Former CIA operative and senior investigator for the Senate Foreign Relations Committee John Kiriakou spent time in prison for blowing the whistle on CIA torture practices, and prizewinning journalist Joseph Hickman worked in military intelligence on Guantanamo Bay. In the first half, they shed light on America's war on terror, revealing how captives like Abu Zubaydah are held under shadowy circumstances. Zubaydah was thought to be al-Qaeda's third highest member, and Kiriakou was the one who captured him in Pakistan. After interrogations, it was determined that Zubaydah wasn't actually in al-Qaeda, Hickman detailed, yet he's remained at Guantanamo Bay for over 15 years, never charged with a crime or afforded due process. That said, Zubaydah did run a training camp for Jihadi fighters, and was a master forger, Hickman noted.
Kiriakou detailed the types of torture the CIA used on captives which included water boarding, sleep deprivation (some prisoners were kept awake for up to 12 days), and "cold cell" (captive is chained to an eye bolt in the ceiling in a cell kept at 50 degrees, and has ice water poured on him every hour). He believes the CIA went off the rails after 9-11. "Things that were ethically, morally, and even legally contestable to me became standard policy," he remarked. President George W. Bush declared in a news conference that "we do not torture," and at that point Kiriakou decided that the commander-in-chief was a "bald-faced liar."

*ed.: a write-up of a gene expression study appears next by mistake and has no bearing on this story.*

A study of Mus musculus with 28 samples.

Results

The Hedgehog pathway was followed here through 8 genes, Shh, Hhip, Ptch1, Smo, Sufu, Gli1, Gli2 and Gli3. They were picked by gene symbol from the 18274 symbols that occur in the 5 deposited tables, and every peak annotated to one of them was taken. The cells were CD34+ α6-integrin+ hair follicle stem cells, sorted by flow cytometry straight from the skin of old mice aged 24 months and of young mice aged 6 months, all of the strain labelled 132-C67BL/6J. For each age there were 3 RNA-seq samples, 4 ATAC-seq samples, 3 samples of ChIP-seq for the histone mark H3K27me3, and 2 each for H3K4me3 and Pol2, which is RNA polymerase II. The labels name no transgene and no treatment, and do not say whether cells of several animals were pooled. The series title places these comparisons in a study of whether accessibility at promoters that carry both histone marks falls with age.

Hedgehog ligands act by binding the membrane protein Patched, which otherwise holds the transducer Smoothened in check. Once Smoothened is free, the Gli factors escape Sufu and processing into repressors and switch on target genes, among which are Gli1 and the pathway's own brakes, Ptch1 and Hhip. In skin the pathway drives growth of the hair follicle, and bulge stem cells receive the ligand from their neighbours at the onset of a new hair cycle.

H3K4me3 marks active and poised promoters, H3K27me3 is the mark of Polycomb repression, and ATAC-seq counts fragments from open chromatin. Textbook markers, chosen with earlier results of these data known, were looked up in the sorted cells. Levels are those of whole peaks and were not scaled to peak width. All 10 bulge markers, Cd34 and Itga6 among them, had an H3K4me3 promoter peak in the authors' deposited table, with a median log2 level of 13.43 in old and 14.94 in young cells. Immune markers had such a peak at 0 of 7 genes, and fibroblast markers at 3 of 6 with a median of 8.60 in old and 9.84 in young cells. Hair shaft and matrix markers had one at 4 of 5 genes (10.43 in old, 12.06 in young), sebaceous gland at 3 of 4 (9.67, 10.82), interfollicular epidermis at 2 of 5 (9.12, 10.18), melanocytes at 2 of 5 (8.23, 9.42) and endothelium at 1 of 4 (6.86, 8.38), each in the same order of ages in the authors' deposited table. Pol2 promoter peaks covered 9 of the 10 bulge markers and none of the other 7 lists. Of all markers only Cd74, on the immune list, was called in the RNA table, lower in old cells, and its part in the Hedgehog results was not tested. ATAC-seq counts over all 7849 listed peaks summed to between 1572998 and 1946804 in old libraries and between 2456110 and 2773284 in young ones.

Educator, psychologist, and author of more than a dozen books about personal spirituality, dream psychology, meditation, and mind-body well-being, Mark Thurston, worked for the Association for Research and Enlightenment (A.R.E.) and is one of the foremost experts on the teachings of Edgar Cayce. In the latter half, he addressed Cayce's wealth of intuitive readings on such subjects as health, spirituality, and dreams. Thurston developed a template for discovering your soul or life purpose after reading through 1,900 of Cayce's readings. His strategies include clarifying one's spiritual ideals by identifying the core values in your life, and then writing a phrase that represents this.
Dreams, said Thurston, can give us information we need to find solutions, and be more effective, and creative in our lives. I think dreams are "giving us a very honest appraisal of what's going on inside of us on a lot of different topics – about our health, our emotional state, and about our spirituality as well." Regarding nightmares, Cayce believed they were often related to physiological disturbances or imbalances. For instance, a stressed digestive system may be symbolically portrayed in a frightening dream, Thurston recounted. Cayce was able to go into a trance state twice a day to answer people's questions about health, soul purpose, or dreams, and he also shared cosmic philosophical riddles about humanity, creating an archive of wisdom traditions.